Specialty Emphasis Elective: Nuclear Power
As the maintenance training supervisor at Xcel Energy’s Prairie Island Nuclear Generating Plant, Andy Pullam understands better than anyone the workforce requirements of his industry. Pullam’s experience with nuclear power goes back to 1981 when he began a 20-year career in the U.S. Navy serving as a nuclear trained machinist mate responsible for the comprehensive maintenance and operation of naval reactors.
Pullam served two tours aboard U.S.S. Enterprise, the world’s first nuclear-powered aircraft carrier, his first tour as a machinist mate–nuke assigned to shipboard reactor maintenance and operation, his second tour as a chief machinist mate supervising maintenance and training operations. He was also stationed at the Nuclear Power Training Units in Windsor, Conn. and Charleston, S.C, where he served with the maintenance training groups assigned to prototype naval reactors based on submarine platforms. His job involved handling all crucial maintenance functions related to running the nuclear plants in support of training operations.
Add another nine years in the civilian sector working as a technical instructor and then as a maintenance training supervisor in state-of-the-power facilities at the Palisades, Monticello and Prairie Island nuclear generating plants, and Andy Pullam is equipped with a knowledge base that covers just about anything a person might want to know about maintaining a modern nuclear generating plant.
“Today, our industry is facing a shortage of trained nuclear technicians,” said Pullam, who supervises eight nuclear maintenance instructors at the Prairie Island Training Center. “We are looking at a large number of people retiring from key maintenance positions in the coming years. Energy companies across the nation are competing to hire nuclear maintenance techs from a rapidly diminishing labor pool.”
“I believe in nuclear power as a central part of our energy mix. It provides clean, baseload electricity. Nuclear is going to be part of our energy future. It has to be.”
— Dr. Steven Chu, U.S. Secretary of Energy and co-winner 1997 Nobel Prize for Physics
Recognizing the problem, Dakota County Technical College partnered with Xcel Energy to deliver a new Energy Technical Specialist program with nuclear power as a specialty emphasis elective. The program begins fall semester 2010 and will provide the nuclear industry with a fresh pool of technicians with a solid foundation in nuclear technology.
The program utilizes the Nuclear Energy Institute Uniform Curriculum Guide, which was developed as part of an industry-wide workforce strategy to standardize curriculum and increase the efficiency of new, qualified nuclear workers focused on maintenance and non-licensed operations. Students will also be leveraging the extensive training facilities and mentoring opportunities at the Prairie Island Nuclear Generating Plant.
“In the nuclear maintenance world, we have three groups of specialists,” said Pullam. “In the mechanical group we have the repairmen, riggers, steamfitter welders and machinists who work on pumps, valves, air compressors and heat exchangers. We also have the electrical technicians who handle the huge electrical needs of the plant. And we have the instrument control technicians who focus on the sophisticated control systems used for running the plant.”
Becoming a non-licensed operator is another avenue for the energy technical specialist. Non-licensed operators support reactor operators through such duties as equipment operations and directly monitoring equipment performance.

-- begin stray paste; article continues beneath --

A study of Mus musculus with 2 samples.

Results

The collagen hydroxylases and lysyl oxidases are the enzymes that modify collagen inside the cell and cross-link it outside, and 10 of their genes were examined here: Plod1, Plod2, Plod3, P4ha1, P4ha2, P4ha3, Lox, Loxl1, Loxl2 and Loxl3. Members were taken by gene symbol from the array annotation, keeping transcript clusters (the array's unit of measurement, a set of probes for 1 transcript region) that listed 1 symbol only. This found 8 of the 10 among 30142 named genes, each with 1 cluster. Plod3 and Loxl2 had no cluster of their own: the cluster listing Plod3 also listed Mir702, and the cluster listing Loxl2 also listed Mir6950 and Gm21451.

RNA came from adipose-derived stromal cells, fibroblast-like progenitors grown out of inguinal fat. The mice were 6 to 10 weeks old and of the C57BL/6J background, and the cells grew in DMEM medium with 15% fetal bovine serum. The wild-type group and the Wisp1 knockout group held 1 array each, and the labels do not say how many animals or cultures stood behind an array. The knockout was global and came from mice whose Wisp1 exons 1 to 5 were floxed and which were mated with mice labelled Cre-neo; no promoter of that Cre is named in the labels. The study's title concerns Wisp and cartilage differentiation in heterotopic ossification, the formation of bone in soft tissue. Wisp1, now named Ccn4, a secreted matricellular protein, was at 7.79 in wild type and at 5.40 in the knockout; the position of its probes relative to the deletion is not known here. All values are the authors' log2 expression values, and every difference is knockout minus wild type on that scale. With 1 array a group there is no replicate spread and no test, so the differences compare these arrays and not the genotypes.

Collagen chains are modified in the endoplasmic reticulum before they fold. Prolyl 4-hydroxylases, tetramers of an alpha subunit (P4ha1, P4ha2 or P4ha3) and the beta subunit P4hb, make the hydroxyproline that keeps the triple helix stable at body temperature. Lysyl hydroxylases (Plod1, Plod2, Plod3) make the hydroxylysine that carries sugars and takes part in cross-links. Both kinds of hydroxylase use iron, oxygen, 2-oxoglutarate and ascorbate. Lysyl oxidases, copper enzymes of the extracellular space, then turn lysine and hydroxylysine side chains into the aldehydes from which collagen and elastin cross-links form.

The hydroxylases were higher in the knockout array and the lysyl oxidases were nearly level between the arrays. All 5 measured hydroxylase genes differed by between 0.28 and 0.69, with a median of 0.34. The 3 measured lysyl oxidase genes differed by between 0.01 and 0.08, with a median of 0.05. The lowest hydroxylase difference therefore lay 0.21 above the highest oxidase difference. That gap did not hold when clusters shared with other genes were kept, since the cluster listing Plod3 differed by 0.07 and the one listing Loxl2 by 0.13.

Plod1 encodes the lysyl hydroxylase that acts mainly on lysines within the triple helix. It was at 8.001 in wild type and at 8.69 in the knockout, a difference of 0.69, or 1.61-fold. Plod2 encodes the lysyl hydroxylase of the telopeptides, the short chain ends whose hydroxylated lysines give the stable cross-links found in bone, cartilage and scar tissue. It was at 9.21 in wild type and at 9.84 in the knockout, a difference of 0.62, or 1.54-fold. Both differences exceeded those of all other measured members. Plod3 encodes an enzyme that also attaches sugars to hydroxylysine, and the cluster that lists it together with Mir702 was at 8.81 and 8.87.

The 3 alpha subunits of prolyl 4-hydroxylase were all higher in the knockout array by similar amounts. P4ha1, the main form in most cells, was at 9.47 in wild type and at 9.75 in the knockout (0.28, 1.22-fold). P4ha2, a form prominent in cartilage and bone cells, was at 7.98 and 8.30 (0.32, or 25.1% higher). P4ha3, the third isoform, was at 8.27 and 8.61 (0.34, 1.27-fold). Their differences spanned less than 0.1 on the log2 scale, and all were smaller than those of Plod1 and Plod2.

For nuclear-trained technician positions, entry-level apprentices start at $20.57/hour. Based on step progression, technicians could potentially earn between $31.26/hour and $35.39/hour as journeymen, depending on classification—welder, machinist, rigger, etc.
The DCTC program, which offers a 60-credit Energy Technical Specialist A.A.S. degree and a 16-credit Nuclear Energy certificate, provides pathways for all four groups. Experienced electricians and machinists could choose the certificate option to fast-track into the Xcel Energy four-year apprenticeship program. Graduates with the A.A.S. degree would have a two-year jump on the apprenticeship by obtaining the requisite nuclear piece while supporting Xcel’s long-term goal of hiring only college graduates for energy-related positions. All graduates of the Energy Technical Specialist program with the nuclear emphasis would be equipped with a strong potential for advancement in the nuclear energy industry.
When a single atom of Uranium-235 decays, it releases roughly 200 million electron volts, which means that one pound of highly enriched uranium, the kind used to power nuclear submarines, is equal to approximately one million gallons of gasoline.
With revenues topping $9 billion annually, Xcel Energy offers a complete portfolio of energy-related products and services to 3.4 million electricity customers and 1.9 million natural gas customers in eight Western and Midwestern states. Xcel Energy owns and operates two nuclear power generating plants in Minnesota, the Monticello Nuclear Generating Plant near Monticello, and the Prairie Island Nuclear Generating Plant near Red Wing, which combined produce more than 25 percent of the electricity the company provides to customers in the Upper Midwest.
Because nuclear energy is carbon-free, Xcel Energy’s nuclear power plants help the company avoid the production of hundreds of millions of tons of greenhouse gases/air pollutants. Cost analysis data show that extending the operating licenses for the Monticello and Prairie Island plants for 20 years will save Minnesota electricity customers around $1 billion.
For more information about the DCTC Energy Technical Specialist program, contact Mike Opp, dean of transportation and technical careers, at 651-423-8232.